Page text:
Le Sanatorium d'Aincourt was a hospital specialising in open-air treatment for tuberculosis. It was the largest such sanatorium to be built in France.
Le Sanatorium d’Aincourt, aka Fleurs de Ruine was a spa centre in France, specialising in the treatment of tuberculosis. The sanatorium was built by architects Edward Crevel and Jean-Paul Decaux between 1931 and 1933. It is the one of the largest sanatoriums to have been built in France in the 20th century.
At the time, the main treatment for tuberculosis was fresh air and rest, as antibiotics did not exist. The buildings were designed to maximise open-air treatment areas, by utilising a tiered design and rooftop terrace. Each level has a terrace of continual treatment space, which was divided up with frosted glass panels.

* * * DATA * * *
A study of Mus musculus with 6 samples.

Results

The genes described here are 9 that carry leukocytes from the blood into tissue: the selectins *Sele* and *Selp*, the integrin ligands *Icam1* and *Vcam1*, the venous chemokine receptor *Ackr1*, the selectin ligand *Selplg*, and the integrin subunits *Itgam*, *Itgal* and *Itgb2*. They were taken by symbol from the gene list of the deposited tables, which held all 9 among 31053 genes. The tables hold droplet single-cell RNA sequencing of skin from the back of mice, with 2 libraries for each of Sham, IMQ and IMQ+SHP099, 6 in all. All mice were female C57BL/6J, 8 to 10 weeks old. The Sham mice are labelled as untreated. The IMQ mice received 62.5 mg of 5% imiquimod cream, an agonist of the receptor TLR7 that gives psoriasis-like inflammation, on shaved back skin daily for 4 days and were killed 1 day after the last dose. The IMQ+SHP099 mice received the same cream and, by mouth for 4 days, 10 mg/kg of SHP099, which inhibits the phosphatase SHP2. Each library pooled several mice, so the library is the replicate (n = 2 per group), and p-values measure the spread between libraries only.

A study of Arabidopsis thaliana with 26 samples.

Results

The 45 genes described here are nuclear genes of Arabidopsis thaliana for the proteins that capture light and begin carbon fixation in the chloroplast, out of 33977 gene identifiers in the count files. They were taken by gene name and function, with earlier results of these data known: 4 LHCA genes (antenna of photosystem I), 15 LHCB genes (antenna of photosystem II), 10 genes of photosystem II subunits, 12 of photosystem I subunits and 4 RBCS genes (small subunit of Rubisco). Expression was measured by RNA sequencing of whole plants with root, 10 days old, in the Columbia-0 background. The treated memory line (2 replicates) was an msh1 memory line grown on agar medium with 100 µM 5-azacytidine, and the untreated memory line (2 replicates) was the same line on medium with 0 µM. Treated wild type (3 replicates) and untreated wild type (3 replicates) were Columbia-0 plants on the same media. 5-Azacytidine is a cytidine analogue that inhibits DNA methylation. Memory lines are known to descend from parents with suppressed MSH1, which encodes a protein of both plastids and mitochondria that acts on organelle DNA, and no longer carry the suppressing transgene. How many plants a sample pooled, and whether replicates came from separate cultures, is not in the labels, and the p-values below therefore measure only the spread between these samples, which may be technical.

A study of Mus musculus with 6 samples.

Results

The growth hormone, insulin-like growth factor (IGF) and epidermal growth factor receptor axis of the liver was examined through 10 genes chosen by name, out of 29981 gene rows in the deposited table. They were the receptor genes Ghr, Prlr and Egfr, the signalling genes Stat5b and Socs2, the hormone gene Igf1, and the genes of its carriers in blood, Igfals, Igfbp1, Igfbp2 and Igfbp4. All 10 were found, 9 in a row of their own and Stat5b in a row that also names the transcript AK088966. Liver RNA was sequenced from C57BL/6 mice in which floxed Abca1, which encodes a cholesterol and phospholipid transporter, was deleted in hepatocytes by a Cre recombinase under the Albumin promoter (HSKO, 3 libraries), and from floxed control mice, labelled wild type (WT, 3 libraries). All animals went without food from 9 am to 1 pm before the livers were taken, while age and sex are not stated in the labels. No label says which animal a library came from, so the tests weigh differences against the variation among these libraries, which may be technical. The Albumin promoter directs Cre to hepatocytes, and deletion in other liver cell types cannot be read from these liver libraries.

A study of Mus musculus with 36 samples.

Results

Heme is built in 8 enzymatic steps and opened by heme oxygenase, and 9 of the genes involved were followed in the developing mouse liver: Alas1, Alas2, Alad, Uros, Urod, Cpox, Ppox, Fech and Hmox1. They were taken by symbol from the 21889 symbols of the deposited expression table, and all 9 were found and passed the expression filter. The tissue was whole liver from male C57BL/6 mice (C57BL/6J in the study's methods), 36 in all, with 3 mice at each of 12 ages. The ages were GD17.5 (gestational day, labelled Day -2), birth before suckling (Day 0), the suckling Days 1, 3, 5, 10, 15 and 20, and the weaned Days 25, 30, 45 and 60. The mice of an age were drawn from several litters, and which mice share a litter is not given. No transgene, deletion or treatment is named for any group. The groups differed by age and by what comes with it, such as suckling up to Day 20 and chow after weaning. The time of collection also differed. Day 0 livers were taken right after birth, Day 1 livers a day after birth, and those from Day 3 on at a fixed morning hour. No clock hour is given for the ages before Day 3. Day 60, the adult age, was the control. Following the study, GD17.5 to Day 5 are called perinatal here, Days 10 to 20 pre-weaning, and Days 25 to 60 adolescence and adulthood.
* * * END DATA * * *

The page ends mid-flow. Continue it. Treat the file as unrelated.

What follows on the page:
There were three identical buildings in total, each set 400 metres apart from each other to eliminate the risk of an epidemic spread. A forest of pine trees was planted around the hospital to ensure the air quality was the best possible.
In later years the hospital was refurbished to bring it up-to-date with new standards, as the invention of antibiotics had ended the need for traditional treatments. The hospital closed in 1987 and the buildings were plundered of anything of value. Now stripped, the shell of the buildings are testament to the quality of the design and construction, surviving well despite the ingress of water and use by the fire brigade who have used the buildings for training involving large-scale indoor fires.
I enjoyed this visit in the company of Proj3ct M4yh3m and Darbians. It was such a lovely sunny afternoon, perfect for a relaxed mooch.